Indonesia’s MBAP to build its first wood pellet plant

Indonesian coal producer Mitrabara Adiperdana (MBAP) is aiming to begin construction of its first wood pellet plant in December, as part of its plans to diversify into the renewable energy space.

The company’s subsidiary Malinau Hijau Lestari is making its first foray into the wood pellet manufacturing market with the development of the plant, which will have an output capacity of at least 120,000 t/yr when fully operational. The plant is expected to be operational in the first quarter of 2024 and will gradually ramp up production, MBAP said. MBAP plans to export the bulk of the pellets from the plant to Japan, and will be applying for certification that will qualify the pellets to be used in Japan’s feed-in-tariff scheme.

The company has acquired a plantation permit covering 19,000 hectares (ha) of land in Malinau, with shipments loading out of Tarakan port. Around 10,000ha are reserved for the plantation. MPAB started researching the biomass manufacturing project two years ago, working with eucalyptus, kalinda, and sengon timber for its wood pellets. The firm produces coal with a calorific value of GAR 5,000-5,700 kcal/kg. It produced around 4mn t/yr last year and in 2020.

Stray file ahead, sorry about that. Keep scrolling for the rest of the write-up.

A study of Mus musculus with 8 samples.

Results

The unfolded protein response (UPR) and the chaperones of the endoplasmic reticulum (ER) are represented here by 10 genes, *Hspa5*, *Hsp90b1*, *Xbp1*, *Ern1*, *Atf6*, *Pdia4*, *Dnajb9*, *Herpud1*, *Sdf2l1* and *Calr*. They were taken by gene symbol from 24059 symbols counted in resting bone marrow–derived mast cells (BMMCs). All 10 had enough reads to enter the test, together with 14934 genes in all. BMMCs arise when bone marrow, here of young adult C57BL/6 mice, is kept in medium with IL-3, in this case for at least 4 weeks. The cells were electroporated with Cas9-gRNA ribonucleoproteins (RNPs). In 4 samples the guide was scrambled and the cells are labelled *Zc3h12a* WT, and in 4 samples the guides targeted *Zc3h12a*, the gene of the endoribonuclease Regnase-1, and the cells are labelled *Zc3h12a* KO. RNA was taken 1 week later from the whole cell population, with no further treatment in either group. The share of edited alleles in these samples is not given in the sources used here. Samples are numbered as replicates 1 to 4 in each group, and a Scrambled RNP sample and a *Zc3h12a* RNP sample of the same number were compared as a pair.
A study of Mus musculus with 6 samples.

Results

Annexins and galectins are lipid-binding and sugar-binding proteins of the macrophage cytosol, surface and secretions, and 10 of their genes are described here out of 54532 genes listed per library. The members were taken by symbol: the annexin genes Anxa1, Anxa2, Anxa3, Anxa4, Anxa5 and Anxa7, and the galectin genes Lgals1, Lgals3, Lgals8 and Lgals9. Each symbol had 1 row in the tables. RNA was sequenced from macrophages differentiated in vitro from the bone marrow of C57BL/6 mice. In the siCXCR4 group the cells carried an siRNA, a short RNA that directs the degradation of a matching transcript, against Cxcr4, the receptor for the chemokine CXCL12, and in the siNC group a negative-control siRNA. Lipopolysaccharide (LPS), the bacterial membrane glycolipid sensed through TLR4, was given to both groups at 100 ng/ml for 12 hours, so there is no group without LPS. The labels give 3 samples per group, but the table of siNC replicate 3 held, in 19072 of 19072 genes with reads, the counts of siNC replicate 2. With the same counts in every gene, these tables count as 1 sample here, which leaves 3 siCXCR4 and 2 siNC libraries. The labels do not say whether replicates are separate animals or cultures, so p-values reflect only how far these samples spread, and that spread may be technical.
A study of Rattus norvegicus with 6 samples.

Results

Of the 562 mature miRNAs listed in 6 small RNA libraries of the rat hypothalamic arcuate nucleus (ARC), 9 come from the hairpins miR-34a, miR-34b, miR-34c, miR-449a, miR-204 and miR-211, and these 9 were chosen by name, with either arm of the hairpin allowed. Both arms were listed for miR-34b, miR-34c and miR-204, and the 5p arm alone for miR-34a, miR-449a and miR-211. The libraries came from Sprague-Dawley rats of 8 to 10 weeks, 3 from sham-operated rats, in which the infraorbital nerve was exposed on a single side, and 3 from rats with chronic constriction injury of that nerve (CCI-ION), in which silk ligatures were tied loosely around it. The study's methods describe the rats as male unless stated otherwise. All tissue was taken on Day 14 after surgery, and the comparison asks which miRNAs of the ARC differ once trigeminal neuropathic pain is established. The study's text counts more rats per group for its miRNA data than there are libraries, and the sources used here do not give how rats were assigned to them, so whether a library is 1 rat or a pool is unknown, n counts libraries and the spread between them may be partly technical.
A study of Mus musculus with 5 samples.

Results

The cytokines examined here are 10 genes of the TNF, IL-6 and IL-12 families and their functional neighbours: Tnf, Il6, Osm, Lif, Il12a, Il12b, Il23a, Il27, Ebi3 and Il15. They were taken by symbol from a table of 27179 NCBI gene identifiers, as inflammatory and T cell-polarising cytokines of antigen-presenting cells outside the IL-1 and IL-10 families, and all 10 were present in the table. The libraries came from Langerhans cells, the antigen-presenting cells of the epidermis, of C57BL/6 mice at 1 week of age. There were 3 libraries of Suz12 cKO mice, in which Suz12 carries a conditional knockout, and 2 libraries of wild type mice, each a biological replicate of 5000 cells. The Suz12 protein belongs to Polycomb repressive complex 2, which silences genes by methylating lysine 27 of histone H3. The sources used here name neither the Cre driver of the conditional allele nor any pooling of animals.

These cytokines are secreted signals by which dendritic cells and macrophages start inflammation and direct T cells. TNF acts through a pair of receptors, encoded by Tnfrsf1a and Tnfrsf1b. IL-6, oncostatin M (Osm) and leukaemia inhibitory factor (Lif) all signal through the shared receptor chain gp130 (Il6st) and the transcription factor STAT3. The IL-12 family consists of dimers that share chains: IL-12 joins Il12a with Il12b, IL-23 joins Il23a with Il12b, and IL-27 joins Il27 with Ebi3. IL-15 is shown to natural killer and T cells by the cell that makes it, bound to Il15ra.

MBAP established Malinau Hijau Lestari in 2015 with an aim of moving into the plantation and forestry business sector. It also established another subsidiary Mitra Malinau Energi in the same year, with the aim of moving into biomass power generation.

A number of Indonesian coal producers have announced plans in recent years to diversify into non-coal businesses, including moving into the renewable energy space, in order to expand alternative revenue streams and reduce their carbon footprint.

Indonesia exported 366,286t of wood pellets last year, up from 310,546t in 2020, according to government statistics data. Indonesia is Asia-Pacific’s biggest palm kernel shell exporter and the third-largest wood pellet exporter, after Vietnam and Malaysia. Indonesia’s reliance on biomass electricity generation is set to grow, with plans to increase biomass utilisation in the coming years.